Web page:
FWGNA > Species Accounts > Hydrobiidae > Spilochlamys turgida
Spilochlamys turgida (Thompson 1969)


This is another of three nominal species of hydrobiid gastropods endemic (or nearly endemic) to springs and spring-fed tribuarties of the Ocmulgee River in the vicinity of Hawkinsville, Georgia.  Like Notogillia sathon, The FLMNH also holds a few collections of S. turgida from tributaries of the Oconee River in Laurens County, GA.  Watson (2000) characterized the habitat of both Spilochlamys and Notogilla as "relatively undisturbed pools of springs or small streams," with substrate "mud-silt-sand mixture, sometimes with leaf litter and woody debris."  Spilochlamys turgida demonstrates non-apparent rarity in our 17-state study area, FWGNA incidence rank I-3*.

> Ecology & Life History

Click for largerHydrobiids seem to be rather nonspecific grazers of small particles (Dillon 2000: 94-97).  They are typically dioecious, the males being characterized by a penis that arises from the neck.  Females attach single eggs in spare, hemispherical capsules to solid substrates (Hershler 1994).  No specific life history data are as yet available for S. turgida.

> Taxonomy & Systematics

Like Marstonia, Notogillia, and Floridobia, the genus Spilochlamys belongs to the subfamily Nymphophilinae of the family Hydrobiidae (ss), males being characterized by a lobe-shaped penis (or verge) with surficial glandular patterns (Kabat and Hershler 1993, Hershler et al. 2003, Thompson 2004).  The penis of S. turgida has been figured by Thompson (1969).

This penial morphology, together with a relatively large shell, bearing a depressed apex and squarish shoulders, makes S. turgida distinct from any other hydrobiid of U.S. Atlantic drainages.  There are two other species of Spilochlamys in Florida, bearing slightly different arrangements of penial glands and somewhat higher spires (Thompson 1968).

> Supplementary Resources [PDF]

> Essays

  • Conservation-biased oversampling of Spilochlamys turgida was featured in my blog post of 19Mar12, "Toward the Scientific Ranking of Conservation Status - Part III."
  • Earlier versions of this website, online until August of 2016, adopted the large, broadly-inclusive concept of the Hydrobiidae (sl) following Kabat & Hershler (1993).  More recently the FWGNA project has shifted to the Wilke et al. (2013) classification system, distinguishing a much smaller Hydrobiidae (ss) and elevating many hydrobioid taxa previously ranked as subfamilies to the full family level.  For more details, see The Classification of the Hydrobioids.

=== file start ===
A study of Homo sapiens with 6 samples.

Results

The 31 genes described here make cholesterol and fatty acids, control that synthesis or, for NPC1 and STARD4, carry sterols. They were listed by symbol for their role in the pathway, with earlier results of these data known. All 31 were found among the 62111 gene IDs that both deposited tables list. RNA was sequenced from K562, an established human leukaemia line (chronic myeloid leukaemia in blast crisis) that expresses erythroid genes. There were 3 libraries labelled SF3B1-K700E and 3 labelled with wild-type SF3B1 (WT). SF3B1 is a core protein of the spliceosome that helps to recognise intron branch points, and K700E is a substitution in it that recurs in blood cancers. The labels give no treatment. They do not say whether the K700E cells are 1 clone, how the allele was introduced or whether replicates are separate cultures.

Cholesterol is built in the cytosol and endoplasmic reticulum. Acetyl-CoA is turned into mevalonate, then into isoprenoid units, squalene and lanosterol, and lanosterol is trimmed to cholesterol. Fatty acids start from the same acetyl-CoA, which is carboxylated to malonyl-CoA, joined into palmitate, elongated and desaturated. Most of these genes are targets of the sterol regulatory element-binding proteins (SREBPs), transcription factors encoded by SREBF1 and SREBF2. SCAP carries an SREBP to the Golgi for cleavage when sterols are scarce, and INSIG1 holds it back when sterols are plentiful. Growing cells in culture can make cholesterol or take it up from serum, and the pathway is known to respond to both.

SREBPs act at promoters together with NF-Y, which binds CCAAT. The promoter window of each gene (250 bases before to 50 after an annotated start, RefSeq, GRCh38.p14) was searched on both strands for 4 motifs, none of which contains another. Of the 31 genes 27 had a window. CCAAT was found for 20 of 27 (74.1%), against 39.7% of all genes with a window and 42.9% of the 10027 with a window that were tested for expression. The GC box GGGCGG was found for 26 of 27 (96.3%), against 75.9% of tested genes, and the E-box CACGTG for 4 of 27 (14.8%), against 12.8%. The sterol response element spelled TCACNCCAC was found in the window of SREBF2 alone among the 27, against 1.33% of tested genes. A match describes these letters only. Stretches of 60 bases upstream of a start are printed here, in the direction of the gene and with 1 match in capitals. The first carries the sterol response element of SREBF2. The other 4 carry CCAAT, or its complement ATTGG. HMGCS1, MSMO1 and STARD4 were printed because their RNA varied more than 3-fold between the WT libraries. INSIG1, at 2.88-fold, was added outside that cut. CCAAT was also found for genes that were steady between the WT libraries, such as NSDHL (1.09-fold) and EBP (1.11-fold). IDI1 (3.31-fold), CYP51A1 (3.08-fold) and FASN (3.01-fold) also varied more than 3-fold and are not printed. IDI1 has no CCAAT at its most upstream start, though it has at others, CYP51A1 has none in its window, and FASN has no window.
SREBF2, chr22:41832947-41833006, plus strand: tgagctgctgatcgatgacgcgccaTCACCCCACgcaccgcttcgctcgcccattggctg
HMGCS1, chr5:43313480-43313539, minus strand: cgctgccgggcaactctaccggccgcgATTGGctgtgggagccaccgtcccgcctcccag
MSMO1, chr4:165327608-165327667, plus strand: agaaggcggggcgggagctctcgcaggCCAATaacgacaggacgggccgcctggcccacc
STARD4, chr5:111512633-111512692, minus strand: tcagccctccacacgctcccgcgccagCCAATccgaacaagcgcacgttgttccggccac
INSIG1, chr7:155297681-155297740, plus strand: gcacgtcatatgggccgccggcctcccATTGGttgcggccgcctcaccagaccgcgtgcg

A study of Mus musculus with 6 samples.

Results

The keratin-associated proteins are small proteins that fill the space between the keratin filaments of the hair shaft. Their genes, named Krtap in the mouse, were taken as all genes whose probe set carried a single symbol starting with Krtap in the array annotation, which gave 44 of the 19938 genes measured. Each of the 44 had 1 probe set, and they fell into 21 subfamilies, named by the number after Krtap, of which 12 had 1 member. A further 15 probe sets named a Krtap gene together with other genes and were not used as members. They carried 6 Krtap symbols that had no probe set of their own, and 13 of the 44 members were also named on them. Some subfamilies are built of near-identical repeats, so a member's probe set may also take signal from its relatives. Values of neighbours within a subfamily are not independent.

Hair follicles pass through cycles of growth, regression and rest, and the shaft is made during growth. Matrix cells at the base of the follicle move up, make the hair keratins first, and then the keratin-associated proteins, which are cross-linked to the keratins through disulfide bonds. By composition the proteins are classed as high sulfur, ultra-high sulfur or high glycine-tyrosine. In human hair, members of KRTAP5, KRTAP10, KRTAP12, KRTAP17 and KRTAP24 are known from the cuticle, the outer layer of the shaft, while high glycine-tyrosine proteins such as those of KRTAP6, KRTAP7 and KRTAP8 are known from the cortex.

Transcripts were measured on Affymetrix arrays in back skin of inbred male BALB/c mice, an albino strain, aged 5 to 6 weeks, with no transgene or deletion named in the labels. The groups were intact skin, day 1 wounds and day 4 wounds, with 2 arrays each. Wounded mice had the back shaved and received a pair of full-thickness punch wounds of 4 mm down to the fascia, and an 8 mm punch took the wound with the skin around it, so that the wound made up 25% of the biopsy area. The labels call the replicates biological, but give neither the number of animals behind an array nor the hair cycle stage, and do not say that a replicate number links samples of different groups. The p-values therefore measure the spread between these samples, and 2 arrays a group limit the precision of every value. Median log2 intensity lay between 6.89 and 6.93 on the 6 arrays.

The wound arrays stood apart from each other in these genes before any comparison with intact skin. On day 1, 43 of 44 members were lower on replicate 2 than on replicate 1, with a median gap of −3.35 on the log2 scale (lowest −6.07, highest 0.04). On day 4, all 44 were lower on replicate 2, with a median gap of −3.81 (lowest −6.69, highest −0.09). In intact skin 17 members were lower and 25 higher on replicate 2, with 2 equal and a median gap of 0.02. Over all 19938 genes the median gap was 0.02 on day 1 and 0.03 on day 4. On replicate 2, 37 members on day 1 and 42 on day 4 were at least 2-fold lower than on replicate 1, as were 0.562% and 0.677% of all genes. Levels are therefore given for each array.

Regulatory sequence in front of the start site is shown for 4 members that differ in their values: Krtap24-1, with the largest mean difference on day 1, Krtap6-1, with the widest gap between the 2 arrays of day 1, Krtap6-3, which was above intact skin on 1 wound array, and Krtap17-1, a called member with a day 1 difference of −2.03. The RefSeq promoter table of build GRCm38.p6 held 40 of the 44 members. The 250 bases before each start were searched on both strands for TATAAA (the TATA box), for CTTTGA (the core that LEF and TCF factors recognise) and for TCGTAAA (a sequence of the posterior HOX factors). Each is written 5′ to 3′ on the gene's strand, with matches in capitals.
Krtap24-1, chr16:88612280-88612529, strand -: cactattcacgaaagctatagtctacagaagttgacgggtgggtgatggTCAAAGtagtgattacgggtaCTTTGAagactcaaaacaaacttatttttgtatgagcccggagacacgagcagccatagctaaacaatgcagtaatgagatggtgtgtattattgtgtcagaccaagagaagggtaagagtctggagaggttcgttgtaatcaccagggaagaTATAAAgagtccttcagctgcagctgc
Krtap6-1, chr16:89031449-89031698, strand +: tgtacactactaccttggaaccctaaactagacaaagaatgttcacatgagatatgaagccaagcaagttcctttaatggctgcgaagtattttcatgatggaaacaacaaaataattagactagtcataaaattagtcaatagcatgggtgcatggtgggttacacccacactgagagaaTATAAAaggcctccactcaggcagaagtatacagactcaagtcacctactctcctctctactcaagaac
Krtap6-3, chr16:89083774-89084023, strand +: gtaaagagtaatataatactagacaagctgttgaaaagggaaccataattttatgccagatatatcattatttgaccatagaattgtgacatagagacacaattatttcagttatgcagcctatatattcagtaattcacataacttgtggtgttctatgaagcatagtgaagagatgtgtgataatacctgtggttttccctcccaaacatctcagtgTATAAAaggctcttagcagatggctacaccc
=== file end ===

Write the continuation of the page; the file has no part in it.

> References

Dillon, R. T., Jr. (2000)  The Ecology of Freshwater Molluscs. Cambridge, Cambridge University Press.  509 pp
Hershler, R. (1994)  A review of the North American freshwater snail genus Pyrgulopsis (Hydrobiidae). Smithsonian Contributions to Zoology 554:1-115.   
Hershler, R., H. Liu, and F.G. Thompson (2003)  Phylogenetic relationships of North American nymphophiline gastropods based on mitochondrial DNA sequences.  Zoologica Scripta 32:357-366.   
Kabat, A.R., and R. Hershler (1993) The prosobranch snail family Hydrobiidae (Gastropoda: Rissooidea): review of classification and supraspecific taxa. Smithsonian Contributions to Zoology 547:1-94.   
Thompson, F.G. (1968)  The Aquatic Snails of the Family Hydrobiidae of Peninsular Florida. University of Florida Press, Gainesville, Florida, USA.   
Thompson, F.G. (1969) Some hydrobiid snails from Georgia and Florida. Quarterly Journal of the Florida Academy of Sciences 32:241-265.  
Thompson, F.G. (2004) An identification manual for the freshwater snails of Florida.   
Thompson, F. G. & R. Hershler (2002)  Two genera of North American freshwater snails: Marstonia Baker, 1926, resurrected to generic status, and Floridobia, new genus (Prosobranchia: Hydrobiidae: Nymphophilinae).  The Veliger 45: 269 - 271.
Watson, C. N.  (2000)  Results of a survey for selected species of Hydrobiidae (Gastropoda) in Georgia and Florida.  pp. 233 - 244 in Freshwater Mollusk Symposium Proceedings (Tankersley et al, eds)  Ohio Biological Survey, Columbus. 
Wilke T., Haase M., Hershler R., Liu H-P., Misof B., Ponder W. (2013)  Pushing short DNA fragments to the limit: Phylogenetic relationships of “hydrobioid” gastropods (Caenogastropoda: Rissooidea).  Molecular Phylogenetics and Evolution 66: 715 – 736.